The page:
Prague, Feb 25 (CTK) – Milos Hajek, Czech historian, anti-Nazi resistance fighter and a spokesman for the Charter 77 human rights platform, died at the age of 94 on Thursday, his son Radko Hajek has told CTK.
During the Nazi occupation of Czechoslovakia, Hajek worked in underground groups that provided false documents and hideouts for persecuted Jews.
In August 1944, he was arrested by the Gestapo and in March 1945 he was sentenced to death, but he lived to see the Prague Uprising at the end of the war in May 1945.
Hajek was decorated with the Israeli honorary title Righteous Among Nations for the salvation of Jews threatenrd with the Holocaust.
Hajek, a member of the Czechoslovak Communist Party, was in permanent opposition to the party leadership. He joined the communist-led reform movement during the Prague Spring in 1968.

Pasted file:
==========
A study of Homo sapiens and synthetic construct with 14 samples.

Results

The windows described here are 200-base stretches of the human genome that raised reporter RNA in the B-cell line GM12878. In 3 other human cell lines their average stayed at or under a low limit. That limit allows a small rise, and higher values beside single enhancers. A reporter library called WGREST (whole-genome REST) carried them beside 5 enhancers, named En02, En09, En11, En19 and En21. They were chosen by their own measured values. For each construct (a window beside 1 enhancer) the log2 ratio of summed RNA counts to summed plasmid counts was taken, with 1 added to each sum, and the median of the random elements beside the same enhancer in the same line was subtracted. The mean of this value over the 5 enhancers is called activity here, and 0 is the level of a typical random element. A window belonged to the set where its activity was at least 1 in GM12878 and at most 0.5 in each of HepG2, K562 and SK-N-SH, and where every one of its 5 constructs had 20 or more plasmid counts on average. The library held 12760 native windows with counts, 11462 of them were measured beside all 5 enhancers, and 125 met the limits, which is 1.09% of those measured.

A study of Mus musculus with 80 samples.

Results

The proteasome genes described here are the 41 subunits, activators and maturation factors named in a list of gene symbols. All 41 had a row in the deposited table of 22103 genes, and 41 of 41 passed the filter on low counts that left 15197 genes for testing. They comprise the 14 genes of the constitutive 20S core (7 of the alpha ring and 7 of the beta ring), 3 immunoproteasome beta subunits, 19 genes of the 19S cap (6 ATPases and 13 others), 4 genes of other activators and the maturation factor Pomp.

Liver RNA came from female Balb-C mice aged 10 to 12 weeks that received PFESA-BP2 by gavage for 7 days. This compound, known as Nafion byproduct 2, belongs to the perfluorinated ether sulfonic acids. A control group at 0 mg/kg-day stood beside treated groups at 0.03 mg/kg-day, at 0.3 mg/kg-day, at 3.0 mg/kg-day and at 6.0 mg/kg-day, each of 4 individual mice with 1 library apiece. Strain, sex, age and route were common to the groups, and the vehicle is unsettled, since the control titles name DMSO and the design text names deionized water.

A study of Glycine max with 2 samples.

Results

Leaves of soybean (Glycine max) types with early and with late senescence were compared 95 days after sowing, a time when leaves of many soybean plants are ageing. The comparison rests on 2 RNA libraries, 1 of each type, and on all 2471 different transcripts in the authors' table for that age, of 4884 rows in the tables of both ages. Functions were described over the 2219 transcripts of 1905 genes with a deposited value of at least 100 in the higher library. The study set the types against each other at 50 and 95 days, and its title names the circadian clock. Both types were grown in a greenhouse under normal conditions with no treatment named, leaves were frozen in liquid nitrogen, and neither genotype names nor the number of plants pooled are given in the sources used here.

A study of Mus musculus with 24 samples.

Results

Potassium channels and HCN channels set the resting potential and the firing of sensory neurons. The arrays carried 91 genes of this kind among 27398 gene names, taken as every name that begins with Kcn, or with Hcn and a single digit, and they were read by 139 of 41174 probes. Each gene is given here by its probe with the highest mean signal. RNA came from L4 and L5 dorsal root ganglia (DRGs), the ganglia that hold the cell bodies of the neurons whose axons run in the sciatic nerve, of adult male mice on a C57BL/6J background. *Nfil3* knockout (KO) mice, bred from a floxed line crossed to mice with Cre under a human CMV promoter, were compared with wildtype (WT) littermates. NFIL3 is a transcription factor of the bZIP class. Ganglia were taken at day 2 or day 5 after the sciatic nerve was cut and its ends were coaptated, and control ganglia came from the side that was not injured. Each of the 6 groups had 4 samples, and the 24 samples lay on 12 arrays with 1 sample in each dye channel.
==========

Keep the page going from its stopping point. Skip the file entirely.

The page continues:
During the “normalisation” period that followed the crushing of the Prague Spring, he was expelled from the party and lost his job, but he could retire as a former resistance fighter.
He focused on scientific work, but he could not publish his works that only appeared in samizdat or abroad.
Hajek signed the Charter 77 human rights manifesto and became its spokesman in 1988.
He took part in the legendary breakfast French president Francois Mitterrand hosted for eight dissidents headed by Vaclav Havel, post-communist Czechoslovak and Czech president, on December 9, 1988.
Hajek was a co-founder of the Obroda movement a bigger part of which merged under his chairmanship with the restored Social Democratic Party in 1991.